Thousands of Me. Drivers’ Licenses Suspended Mutliple Times

August 10, 2005

Nearly 7 percent of Maine drivers have had their licenses suspended five or more times, and more than 23,000 have had their licenses suspended at least 10 times, according to state estimates.

There are about 984,000 people with Maine licenses, and nearly 68,000 of them have had their licenses suspended at least five times, the Secretary of State’s office estimated. The office estimated that more than 8,000 drivers have had their licenses suspended 15 times or more.

The issue of bad driving records has come to the forefront following a July 29 fatal accident on Interstate 95 in Hallowell involving a trucker who was driving on a suspended license and whose record includes at least 42 driving convictions and 19 license suspensions.

The driver, 32-year-old Scott Hewitt of Caribou, was arrested again last weekend in Presque Isle and charged with operating after suspension, illegal attachment of license plates, having an unregistered vehicle, failure to provide insurance and violation of bail conditions that were set after he was charged following the fatal crash.

State officials are asking how many other people with records similar to Hewitt’s are on the road, and what can be done to stop them.

“There are hundreds of Scott Hewitts out there, and unfortunately under state law, they are out driving after suspension,” said state Sen. William Diamond, D-Windham, a former secretary of state.

“The law should give the secretary of state the authority to take away these licenses for five or 10 years, and if they keep driving, those people should be put in jail.”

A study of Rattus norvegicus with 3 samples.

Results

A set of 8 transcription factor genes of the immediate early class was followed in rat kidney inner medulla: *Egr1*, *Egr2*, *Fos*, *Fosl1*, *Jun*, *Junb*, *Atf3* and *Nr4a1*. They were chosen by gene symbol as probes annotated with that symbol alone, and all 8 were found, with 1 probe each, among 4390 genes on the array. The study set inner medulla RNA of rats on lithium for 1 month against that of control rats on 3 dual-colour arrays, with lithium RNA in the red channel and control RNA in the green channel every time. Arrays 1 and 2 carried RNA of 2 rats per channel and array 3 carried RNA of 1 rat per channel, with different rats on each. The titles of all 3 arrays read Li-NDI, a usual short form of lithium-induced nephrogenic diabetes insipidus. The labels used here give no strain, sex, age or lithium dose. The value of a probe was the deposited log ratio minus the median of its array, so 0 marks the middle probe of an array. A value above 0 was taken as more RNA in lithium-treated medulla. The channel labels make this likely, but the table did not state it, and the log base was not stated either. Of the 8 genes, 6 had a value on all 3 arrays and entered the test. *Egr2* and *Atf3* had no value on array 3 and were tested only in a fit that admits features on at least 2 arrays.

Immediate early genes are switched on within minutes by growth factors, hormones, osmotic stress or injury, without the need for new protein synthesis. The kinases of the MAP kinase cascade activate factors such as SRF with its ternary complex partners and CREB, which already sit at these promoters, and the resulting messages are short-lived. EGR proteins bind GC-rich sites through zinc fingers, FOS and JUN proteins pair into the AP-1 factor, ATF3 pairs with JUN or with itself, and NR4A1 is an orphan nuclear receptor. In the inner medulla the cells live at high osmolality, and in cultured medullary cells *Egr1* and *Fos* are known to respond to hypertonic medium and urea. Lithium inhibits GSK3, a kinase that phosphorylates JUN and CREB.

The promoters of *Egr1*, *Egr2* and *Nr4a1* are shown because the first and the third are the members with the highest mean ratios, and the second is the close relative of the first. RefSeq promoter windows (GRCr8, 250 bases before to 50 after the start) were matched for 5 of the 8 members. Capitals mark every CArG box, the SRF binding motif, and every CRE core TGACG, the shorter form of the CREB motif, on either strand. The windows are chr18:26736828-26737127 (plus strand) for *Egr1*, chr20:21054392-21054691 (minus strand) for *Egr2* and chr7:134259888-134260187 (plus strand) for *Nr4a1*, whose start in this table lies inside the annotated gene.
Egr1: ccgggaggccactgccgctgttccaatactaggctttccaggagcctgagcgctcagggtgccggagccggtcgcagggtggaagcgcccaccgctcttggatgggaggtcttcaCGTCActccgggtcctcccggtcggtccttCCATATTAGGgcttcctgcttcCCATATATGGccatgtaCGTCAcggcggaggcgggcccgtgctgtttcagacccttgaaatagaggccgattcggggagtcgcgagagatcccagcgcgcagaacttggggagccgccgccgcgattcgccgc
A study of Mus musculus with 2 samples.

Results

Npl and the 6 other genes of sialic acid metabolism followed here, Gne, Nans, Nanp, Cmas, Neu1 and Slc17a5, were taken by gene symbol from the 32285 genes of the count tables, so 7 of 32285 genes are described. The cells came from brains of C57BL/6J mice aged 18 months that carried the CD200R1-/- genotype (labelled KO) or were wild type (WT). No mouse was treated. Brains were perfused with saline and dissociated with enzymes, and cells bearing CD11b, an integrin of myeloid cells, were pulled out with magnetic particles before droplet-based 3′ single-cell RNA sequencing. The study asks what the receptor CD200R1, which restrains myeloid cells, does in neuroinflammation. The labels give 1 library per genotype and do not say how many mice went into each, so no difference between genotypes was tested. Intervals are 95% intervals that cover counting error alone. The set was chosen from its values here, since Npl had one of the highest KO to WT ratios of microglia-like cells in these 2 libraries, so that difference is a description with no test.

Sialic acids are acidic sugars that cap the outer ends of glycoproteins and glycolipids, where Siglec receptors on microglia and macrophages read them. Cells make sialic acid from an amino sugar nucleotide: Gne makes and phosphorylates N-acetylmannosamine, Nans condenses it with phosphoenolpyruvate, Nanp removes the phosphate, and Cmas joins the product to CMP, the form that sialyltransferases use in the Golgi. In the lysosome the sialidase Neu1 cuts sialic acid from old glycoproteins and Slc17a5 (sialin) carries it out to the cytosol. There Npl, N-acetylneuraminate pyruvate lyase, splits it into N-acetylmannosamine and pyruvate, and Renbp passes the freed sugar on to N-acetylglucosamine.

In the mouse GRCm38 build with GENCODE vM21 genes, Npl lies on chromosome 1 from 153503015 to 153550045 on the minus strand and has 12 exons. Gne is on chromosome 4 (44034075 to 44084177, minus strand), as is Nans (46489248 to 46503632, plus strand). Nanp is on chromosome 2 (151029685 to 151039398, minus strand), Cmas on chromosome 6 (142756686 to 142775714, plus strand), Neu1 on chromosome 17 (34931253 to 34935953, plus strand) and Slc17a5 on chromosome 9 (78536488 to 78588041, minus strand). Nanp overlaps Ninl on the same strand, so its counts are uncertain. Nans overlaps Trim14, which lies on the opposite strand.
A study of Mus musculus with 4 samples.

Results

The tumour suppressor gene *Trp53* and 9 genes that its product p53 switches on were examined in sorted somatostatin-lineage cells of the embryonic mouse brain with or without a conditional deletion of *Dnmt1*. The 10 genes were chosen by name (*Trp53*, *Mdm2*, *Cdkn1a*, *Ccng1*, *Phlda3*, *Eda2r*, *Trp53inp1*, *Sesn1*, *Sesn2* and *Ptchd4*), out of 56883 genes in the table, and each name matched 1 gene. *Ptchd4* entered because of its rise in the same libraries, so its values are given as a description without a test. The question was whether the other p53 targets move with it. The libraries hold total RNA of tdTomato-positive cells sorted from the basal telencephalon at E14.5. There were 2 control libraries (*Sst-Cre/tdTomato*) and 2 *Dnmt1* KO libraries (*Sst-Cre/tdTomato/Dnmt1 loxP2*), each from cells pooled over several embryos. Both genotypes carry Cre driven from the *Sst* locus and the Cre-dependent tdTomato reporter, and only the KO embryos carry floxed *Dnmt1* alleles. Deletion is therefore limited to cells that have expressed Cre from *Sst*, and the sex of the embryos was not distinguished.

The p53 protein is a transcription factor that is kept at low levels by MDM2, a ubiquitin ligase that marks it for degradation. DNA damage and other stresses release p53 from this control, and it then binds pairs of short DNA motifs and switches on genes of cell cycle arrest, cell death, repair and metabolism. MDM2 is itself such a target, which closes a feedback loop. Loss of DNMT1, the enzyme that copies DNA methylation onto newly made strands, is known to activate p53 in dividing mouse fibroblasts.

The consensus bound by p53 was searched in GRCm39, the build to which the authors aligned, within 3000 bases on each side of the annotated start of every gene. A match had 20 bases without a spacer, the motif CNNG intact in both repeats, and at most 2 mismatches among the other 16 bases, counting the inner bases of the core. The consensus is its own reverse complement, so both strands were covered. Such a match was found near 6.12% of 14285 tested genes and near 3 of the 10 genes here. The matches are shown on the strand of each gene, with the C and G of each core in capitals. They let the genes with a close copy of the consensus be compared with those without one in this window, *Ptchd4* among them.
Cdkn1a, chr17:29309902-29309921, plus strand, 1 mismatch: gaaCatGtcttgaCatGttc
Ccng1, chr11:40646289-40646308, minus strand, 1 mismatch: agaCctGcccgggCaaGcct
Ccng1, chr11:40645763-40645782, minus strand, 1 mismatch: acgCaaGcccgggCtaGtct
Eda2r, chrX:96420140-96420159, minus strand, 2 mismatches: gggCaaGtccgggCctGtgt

Driving after suspension is becoming recognized as a serious national problem. Drivers without a valid license are involved in more than 20 percent of fatal accidents, but make up less than 8 percent of all drivers, according to a report commissioned by the AAA Foundation of Traffic Safety.

“Suspended drivers are over-involved in fatal crashes and we think they may be causing them,” said Robert Scopatz, a Texas-based data analyst who co-authored the report. “Right now, it’s second to alcohol, but there is some evidence that it is growing.”

Maine statistics are estimates based on a review of computerized records that go back to the 1970s.

Not all the drivers with a high number of suspensions are threats on Maine’s roads, said Doug Dunbar, deputy Secretary of State. Some could be in jail or moved out of state, and others may have accumulated suspensions when they were young and have gone many years without violating any laws, he said.

Under Maine law, licenses can be suspended for one-time violations of serious offenses, such as drunken driving or eluding a police officer, or for an accumulation of minor offenses, which are added up on the state’s point system. A driver who gets 12 points within a year is suspended for at least 15 days, with a speeding ticket worth six points.

Suspensions almost always last for a set period and licenses are automatically restored at the end. There is no permanent license revocation in Maine, except for vehicular homicide when the driver was operating under the influence of alcohol or drugs.

“Somebody could have 15 suspensions for (minor) offenses, but they all point to a disregard for the law,” said Col. Craig Poulin of the Maine State Police. “People who obey the law are more likely to be considerate, safer drivers…It’s almost a no-brainer.”

Diamond said the Legislature should look at driving records and develop a profile of those who pose the most serious threat. The worst offenders should face lengthy, even permanent, revocation of driving privileges, and those who insist on driving while on suspension should face additional consequences, he said.

“We shouldn’t wait until there is another fatality,” he said. “If they have a record that shows complete disregard for the law, they need to spend some time in jail.”

Copyright 2005 Associated Press. All rights reserved. This material may not be published, broadcast, rewritten or redistributed.

Was this article valuable?

Here are more articles you may enjoy.